One of the most common questions I am asked in business is “What advice do you have for stay-at-home moms who want to go back to work eventually?” I can understand why women ask me that – as a soon-to-be mother of five who has been with VPR for nearly 20 years, I do have a lot of experience with maternity leave. But while I could probably write a manual on “how to pump on a plane” or “the best snacks to keep a toddler quiet during a conference call”, my experiences as a stay-at-home mom have been limited to six-week stints. As I began to gather advice from my tribe of mom friends who have taken much longer career breaks, I realized how much of their insight was equally applicable for those who have taken a career break to manage a healthcare crisis or care for a loved one.
Here are my top five tips for staying relevant when life requires a priority shift:
Stay Up to Speed on the Industry – If I think back to 12-years ago when I had my first son, Will, had I taken a break to stay home with him, the pharmaceutical industry I supported when I left would not be the one I returned to today, or even just a few years later. Undoubtedly, there have been equally dramatic shifts in every field from advertising to finance. Subscribe to industry publications and blogs to stay on top of them. Do you have friends in the business? Make a point to take them to a “business lunch” periodically or jump on the phone for a scheduled call once a quarter: ask them what’s going on in the field, what their recent projects looked like and what trends
or changes they’re seeing. Come prepared with a list of things they can easily research for you (maybe you’re curious about what their benefits package looks like this year or what software is most popular now).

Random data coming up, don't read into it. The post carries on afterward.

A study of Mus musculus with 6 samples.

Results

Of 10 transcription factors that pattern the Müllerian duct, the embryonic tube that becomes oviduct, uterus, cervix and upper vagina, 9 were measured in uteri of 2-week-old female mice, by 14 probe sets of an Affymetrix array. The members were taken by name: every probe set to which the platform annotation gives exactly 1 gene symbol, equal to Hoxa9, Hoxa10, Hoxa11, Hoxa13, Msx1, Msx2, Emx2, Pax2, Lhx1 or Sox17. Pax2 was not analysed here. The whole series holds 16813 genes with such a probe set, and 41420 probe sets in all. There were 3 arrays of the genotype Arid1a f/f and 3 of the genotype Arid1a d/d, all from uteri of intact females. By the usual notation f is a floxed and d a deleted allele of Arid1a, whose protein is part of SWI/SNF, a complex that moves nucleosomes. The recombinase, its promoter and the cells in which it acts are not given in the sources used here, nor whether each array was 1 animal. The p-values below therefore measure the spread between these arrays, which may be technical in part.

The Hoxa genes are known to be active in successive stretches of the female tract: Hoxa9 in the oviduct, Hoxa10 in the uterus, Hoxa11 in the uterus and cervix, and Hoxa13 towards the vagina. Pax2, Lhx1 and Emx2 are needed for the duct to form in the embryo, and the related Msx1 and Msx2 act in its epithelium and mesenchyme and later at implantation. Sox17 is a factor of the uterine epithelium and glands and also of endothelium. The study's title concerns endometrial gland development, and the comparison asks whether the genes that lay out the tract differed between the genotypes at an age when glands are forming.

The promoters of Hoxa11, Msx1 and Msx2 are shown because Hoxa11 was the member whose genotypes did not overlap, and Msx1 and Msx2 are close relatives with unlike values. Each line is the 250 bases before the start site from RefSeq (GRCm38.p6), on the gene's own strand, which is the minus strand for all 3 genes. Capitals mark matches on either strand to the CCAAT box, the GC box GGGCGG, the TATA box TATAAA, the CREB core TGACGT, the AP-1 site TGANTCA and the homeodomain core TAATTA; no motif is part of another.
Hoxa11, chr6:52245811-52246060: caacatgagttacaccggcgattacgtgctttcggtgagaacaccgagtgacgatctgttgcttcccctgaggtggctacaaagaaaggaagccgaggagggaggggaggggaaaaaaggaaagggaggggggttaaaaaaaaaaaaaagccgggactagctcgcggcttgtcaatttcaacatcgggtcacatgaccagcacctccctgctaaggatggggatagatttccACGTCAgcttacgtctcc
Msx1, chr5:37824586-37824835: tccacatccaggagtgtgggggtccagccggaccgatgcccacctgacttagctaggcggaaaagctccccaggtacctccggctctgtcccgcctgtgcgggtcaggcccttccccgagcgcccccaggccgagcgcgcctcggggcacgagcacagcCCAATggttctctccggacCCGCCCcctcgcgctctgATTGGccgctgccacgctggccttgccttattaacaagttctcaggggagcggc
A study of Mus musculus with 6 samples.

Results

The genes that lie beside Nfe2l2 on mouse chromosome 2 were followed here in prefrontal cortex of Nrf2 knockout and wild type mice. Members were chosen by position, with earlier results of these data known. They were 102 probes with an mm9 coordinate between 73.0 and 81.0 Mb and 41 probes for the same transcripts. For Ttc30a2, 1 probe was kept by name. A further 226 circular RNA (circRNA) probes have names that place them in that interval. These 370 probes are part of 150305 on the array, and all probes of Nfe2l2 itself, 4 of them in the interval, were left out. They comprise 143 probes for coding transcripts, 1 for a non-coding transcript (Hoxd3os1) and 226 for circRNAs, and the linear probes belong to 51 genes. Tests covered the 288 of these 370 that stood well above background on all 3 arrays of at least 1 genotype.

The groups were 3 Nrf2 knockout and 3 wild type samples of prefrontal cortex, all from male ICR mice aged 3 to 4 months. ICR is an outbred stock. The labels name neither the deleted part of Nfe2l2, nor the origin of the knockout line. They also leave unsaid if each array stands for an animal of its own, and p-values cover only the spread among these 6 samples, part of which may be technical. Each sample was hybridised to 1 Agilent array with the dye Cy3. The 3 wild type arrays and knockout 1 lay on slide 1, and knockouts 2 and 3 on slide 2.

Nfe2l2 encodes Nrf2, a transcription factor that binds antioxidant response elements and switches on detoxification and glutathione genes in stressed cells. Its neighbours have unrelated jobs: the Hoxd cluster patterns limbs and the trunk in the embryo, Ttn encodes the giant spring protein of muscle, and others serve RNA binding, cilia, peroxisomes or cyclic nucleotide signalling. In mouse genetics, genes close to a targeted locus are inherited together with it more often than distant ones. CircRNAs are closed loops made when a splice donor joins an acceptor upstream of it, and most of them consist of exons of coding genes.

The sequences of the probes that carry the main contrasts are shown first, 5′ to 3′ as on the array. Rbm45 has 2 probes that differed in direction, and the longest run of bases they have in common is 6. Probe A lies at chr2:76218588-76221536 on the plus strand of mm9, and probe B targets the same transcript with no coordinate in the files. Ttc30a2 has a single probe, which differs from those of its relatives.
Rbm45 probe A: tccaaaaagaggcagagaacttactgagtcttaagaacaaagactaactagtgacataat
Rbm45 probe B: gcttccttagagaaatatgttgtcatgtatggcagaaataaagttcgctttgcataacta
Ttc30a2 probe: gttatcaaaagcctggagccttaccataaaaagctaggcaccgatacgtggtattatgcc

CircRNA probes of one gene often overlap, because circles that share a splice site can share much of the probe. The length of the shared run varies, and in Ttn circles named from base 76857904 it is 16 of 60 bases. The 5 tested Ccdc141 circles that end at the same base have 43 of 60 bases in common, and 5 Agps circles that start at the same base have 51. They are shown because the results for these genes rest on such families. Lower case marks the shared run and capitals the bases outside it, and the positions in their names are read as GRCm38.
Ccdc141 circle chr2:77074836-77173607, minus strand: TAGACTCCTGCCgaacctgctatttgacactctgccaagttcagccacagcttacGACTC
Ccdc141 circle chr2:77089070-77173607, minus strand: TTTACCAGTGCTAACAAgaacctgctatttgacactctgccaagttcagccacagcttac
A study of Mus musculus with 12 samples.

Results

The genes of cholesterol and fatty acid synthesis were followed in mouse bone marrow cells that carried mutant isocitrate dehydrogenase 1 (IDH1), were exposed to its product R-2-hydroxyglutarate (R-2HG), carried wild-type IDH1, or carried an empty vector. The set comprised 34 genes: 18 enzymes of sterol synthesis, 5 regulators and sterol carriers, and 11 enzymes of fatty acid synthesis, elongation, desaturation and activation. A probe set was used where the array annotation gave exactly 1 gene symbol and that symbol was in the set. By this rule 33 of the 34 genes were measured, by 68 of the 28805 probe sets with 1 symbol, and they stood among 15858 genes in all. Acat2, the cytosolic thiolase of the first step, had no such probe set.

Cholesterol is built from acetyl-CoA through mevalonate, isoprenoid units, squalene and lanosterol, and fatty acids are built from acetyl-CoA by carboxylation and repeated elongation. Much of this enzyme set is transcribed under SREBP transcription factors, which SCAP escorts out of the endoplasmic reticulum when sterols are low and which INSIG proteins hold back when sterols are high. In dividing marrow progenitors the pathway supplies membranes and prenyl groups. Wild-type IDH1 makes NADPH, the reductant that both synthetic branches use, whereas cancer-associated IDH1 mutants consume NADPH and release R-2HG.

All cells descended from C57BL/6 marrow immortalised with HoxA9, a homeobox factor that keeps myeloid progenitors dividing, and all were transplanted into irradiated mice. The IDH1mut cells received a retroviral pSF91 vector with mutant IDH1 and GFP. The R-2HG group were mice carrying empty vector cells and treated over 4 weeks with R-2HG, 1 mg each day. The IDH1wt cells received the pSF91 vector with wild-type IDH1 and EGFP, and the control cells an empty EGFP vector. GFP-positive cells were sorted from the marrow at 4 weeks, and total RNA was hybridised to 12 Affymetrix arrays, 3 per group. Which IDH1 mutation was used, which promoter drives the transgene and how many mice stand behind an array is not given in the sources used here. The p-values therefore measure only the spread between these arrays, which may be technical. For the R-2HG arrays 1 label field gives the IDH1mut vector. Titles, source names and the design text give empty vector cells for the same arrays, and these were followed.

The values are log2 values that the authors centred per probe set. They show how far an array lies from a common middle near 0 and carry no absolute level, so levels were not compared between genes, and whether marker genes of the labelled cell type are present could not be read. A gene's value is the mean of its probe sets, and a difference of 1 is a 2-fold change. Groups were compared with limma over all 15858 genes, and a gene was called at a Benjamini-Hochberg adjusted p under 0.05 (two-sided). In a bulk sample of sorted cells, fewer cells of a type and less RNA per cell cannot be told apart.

Network – It’s a no-brainer, but it’s also not easy to make time to connect with total strangers. If you feel a little silly going on your own, grab a friend to accompany you the first time you venture out. Invest in a supply of business cards – you don’t have to be linked to a company to share your skills and contact information – and check your local business publications for a list of events. If your town or your industry isn’t big on networking, research professionals in your field who are leading the way and reach out to them. You don’t have to request a formal mentorship if you don’t have the bandwidth or desire; simply tell them that you’re inspired by their work and that you want to get their advice for being successful in the field. You’ll not only have a great new connection but also the inside scoop.
LinkedIn & Resume Building – No matter if you’re taking two years off or your break has an indefinite duration, you are technically “between jobs”, so do what any other person in that position would do: keep your resume polished and your LinkedIn profile up-to-date…and then get active. Make a goal to post one LinkedIn update each month and add one new person to your LinkedIn profile each week. You can do it! Watch a TedX talk online or read an industry-relevant article and then post it on LinkedIn with a few sentences about what you think of it.
Volunteer – Get involved in a local disease support group – you will make great connections, learn new perspectives and have new accomplishments to add to your resume. Take the opportunities that you can fit into your busy lifestyle: does your neighborhood association have a board opening? Does your church need someone to help plan a retreat? These are all things you can add to your resume to show your depth, charity and talents.
Hone Your Skills – Some people have mere hours to prepare for a job interview; you have time on your side! Think about areas you’d like to improve upon to prepare you for it: do you need to learn PowerPoint or Excel? Could your portfolio be expanded with some hand lettering classes? Do you want to work on your writing? Check your local universities and community colleges for classes. Do you want to become a better public speaker? You can do something as elaborate as joining Toastmasters or as simple as signing up to do the readings at church.
Do you have other suggestions for staying relevant and building your skills during an unexpected break? Share your tips with us at email@example.com.